This month, the specialty chemicals group Lanxess will be relegated from the premier league of German companies, the DAX index of 30 leading shares, and replaced by property company Deutsche Annington.
This is a trend being seen around the world. Central banks pour more and more cheap money into “concrete gold”, as real estate has been dubbed. Nowhere are prices rising faster than in the property sector. Anyone, like the central bankers, who complain about a lack of inflation, should just buy a house – the problem will be solved.
The glut of money that once again boosted stock markets following the European Central Bank’s meeting on Thursday, together with the explosion in property prices, is benefiting real estate companies, and thus their share prices. They are becoming more valuable and as a result are being promoted to the top segment of the stock exchange.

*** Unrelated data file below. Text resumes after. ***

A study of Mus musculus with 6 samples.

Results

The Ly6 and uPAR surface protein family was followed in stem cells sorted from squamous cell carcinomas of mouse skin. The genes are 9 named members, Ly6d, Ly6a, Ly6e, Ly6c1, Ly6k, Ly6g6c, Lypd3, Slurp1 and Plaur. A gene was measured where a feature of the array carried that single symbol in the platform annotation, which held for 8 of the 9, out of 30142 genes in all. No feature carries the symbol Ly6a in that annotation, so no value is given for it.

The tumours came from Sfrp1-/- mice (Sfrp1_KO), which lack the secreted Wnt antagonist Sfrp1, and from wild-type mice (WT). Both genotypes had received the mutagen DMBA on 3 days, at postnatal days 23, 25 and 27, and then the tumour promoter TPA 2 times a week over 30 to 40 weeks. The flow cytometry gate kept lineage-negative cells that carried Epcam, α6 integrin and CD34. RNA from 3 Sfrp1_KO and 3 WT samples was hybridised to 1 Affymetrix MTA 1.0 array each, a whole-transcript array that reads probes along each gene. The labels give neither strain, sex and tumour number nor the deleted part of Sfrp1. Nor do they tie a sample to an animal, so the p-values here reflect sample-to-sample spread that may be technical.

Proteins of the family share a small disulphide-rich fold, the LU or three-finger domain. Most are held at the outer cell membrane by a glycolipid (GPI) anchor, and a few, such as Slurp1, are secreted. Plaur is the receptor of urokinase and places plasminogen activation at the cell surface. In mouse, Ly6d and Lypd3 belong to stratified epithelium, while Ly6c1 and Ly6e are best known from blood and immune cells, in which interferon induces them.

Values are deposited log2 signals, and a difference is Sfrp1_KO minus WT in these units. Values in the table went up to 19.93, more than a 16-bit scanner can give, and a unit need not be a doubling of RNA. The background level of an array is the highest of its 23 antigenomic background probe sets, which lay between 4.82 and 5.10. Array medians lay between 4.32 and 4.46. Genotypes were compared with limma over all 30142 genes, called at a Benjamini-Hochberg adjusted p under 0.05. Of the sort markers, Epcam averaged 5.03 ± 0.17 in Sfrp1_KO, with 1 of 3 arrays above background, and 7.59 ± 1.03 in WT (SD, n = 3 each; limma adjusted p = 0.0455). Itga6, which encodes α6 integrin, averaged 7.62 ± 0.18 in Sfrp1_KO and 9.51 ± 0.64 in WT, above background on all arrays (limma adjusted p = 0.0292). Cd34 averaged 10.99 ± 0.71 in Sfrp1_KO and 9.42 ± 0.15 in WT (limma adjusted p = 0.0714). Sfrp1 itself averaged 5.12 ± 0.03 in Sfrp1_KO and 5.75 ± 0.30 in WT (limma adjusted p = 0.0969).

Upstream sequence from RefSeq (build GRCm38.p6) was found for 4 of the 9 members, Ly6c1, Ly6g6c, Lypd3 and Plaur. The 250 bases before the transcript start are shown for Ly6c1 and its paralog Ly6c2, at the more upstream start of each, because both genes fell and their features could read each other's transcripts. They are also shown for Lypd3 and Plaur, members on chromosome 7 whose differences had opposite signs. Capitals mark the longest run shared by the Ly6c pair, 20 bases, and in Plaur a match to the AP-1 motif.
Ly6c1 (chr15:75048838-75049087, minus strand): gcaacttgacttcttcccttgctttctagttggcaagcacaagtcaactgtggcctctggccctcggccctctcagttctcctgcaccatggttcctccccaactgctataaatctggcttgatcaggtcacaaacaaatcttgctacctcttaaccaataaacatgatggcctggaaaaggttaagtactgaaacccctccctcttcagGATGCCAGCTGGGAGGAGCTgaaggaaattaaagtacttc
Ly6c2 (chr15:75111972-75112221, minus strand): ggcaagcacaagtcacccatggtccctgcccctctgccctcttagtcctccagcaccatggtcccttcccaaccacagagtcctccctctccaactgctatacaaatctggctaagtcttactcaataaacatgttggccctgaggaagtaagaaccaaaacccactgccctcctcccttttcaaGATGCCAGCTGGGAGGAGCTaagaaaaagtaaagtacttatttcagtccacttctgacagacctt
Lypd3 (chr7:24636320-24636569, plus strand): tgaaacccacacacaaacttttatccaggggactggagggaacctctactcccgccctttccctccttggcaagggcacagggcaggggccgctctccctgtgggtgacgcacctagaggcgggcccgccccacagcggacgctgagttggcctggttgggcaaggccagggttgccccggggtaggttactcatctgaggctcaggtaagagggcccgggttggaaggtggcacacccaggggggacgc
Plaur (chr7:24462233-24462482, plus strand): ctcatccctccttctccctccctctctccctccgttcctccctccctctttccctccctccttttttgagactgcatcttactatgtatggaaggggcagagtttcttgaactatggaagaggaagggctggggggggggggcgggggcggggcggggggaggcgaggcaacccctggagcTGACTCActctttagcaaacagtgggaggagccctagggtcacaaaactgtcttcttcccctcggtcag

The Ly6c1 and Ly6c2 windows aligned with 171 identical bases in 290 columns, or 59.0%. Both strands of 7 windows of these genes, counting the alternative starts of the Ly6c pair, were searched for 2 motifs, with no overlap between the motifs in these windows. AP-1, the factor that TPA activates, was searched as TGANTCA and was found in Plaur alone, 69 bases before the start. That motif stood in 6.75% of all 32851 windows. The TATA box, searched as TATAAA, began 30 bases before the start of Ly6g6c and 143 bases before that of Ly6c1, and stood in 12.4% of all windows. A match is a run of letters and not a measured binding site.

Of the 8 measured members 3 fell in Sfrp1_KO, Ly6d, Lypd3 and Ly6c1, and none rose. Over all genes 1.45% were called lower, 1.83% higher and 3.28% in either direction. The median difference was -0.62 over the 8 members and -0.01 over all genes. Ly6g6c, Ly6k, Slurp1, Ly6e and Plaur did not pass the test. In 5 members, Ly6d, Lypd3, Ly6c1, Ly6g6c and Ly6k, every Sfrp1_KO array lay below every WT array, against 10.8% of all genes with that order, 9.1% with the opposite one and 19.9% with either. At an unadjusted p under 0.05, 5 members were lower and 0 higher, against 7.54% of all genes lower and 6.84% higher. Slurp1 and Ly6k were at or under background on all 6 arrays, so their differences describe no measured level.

But Annington’s rise stands for more than that. The latest rotation in Germany’s stock market indices is typical of the DAX, which reflects the state of the global economy much more strongly and accurately than they reflect the ups and downs of the German economy.
When economic data from China or the United States flashes up on the news tickers, the DAX is guaranteed to react.
Investors witness this spectacle on almost a daily basis, such as when the purchasing managers’ index for Chinese industry or the Chicago Purchasing Managers’ Index determines the fortunes of Germany’s stock exchange. Meanwhile, German gross domestic product, leading indicators from Germany’s Ifo Institute for Economic Research and Centre for European Economic Research and order intake in German industry have no influence at all on the market.